A video shows the damage from Libya's recent floods.
Misbar investigated the footage and found the claim to be misleading.
A comprehensive reverse image search revealed the video making the rounds to be outdated and unrelated to Libya.
The Video Shows Old Floods in Saudi Arabia, Not Libya
Contrary to the claim, the video features a torrent of Wadi Alfarsha in Tihama Qahtan, Saudi Arabia. The video dates back to April 2016.
An Arabic Facebook page published the video on April 8, 2016, under the translated caption, "Watch.. The torrent of Wadi Al-Farsha in Tihama Qahtan blocks the road for citizens."
A YouTube channel also uploaded the video in question on the same date. The video’s translated title reads, “Asir - Wadi Al-Farsha flooded in Tihama Qahtan yesterday, Thursday.”
Severe Floods Claim Over 11,000 Lives in Libya
On Friday, Libyan authorities limited access to the flooded city of Derna. This move aimed to facilitate search and rescue operations, particularly sifting through the mud and damaged buildings, in hopes of locating more than 10,000 individuals who remain unaccounted for and are presumed to have lost their lives in a disaster that has already claimed over 11,000 lives.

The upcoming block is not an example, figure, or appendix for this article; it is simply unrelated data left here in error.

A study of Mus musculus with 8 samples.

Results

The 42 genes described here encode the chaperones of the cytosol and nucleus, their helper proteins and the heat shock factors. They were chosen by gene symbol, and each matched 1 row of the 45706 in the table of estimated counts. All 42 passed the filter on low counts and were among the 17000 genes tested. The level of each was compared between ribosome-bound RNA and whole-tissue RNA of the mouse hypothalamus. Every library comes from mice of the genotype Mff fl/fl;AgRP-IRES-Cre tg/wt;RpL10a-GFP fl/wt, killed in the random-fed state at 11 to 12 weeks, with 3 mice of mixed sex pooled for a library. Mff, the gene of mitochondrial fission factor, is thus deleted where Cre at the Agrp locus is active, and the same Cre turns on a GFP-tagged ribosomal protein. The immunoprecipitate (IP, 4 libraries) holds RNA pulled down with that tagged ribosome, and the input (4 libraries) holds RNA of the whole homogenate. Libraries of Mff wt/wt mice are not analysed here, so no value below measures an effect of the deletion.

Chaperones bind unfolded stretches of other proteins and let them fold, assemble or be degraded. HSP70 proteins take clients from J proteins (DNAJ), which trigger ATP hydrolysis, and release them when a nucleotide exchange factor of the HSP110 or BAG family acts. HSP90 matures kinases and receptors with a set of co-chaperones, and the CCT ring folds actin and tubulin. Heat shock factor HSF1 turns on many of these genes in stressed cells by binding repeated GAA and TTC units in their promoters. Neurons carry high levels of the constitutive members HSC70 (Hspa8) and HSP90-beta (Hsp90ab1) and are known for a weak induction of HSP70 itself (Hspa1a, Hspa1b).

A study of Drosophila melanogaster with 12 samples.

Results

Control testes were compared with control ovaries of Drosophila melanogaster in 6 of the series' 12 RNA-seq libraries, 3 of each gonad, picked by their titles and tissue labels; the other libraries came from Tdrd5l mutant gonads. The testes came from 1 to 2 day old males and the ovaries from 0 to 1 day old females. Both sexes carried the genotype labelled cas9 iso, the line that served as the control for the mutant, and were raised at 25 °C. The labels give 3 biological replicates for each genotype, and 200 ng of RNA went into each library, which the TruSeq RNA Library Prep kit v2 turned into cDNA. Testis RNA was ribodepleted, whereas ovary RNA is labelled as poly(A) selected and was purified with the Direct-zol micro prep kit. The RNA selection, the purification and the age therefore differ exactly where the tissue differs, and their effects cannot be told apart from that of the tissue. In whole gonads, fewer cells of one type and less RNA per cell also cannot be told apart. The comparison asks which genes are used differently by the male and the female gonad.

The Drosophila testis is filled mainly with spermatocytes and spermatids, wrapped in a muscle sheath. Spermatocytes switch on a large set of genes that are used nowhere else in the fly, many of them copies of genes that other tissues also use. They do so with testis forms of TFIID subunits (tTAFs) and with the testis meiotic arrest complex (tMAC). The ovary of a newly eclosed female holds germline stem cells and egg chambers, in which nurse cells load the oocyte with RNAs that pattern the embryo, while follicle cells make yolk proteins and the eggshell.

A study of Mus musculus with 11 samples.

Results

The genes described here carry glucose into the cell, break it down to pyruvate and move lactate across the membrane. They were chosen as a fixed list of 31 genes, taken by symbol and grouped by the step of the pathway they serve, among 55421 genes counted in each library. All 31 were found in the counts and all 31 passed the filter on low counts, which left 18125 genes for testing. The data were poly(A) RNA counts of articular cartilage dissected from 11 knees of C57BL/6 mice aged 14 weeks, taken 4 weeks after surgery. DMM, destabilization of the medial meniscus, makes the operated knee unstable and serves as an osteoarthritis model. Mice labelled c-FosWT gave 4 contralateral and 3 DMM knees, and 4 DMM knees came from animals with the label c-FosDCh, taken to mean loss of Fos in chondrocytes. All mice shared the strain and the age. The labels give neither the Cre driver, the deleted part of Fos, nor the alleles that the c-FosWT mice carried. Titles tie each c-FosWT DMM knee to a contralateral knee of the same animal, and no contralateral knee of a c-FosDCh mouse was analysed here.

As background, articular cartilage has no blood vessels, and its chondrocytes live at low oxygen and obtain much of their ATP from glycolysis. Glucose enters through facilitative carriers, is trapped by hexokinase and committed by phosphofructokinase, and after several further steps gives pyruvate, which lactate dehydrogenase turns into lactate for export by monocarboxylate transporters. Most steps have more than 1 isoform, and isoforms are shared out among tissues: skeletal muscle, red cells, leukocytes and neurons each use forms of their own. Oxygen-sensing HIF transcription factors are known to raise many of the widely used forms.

The staggering death toll is at risk of further escalation due to the potential spread of waterborne diseases and the displacement of explosive ordnance that was swept up when two dams collapsed on Monday, resulting in a deluge of water surging through the city. Officials have issued warnings regarding this ongoing threat.
As reported by the Libyan Red Crescent, the death toll from the flooding in Derna reached 11,300 by Thursday, with an additional 10,100 individuals reported as missing, though the prospects of finding many of them alive remain grim, according to the aid group. The storm also resulted in approximately 170 casualties in other parts of the country.
Aid organizations have urged authorities to grant them access to the city to enable the distribution of urgently needed provisions such as food, clean water, and medical supplies to survivors. However, four days into the crisis, it is evident that there is a lack of centralized coordination, with some areas of Derna receiving assistance while others are left to fend for themselves.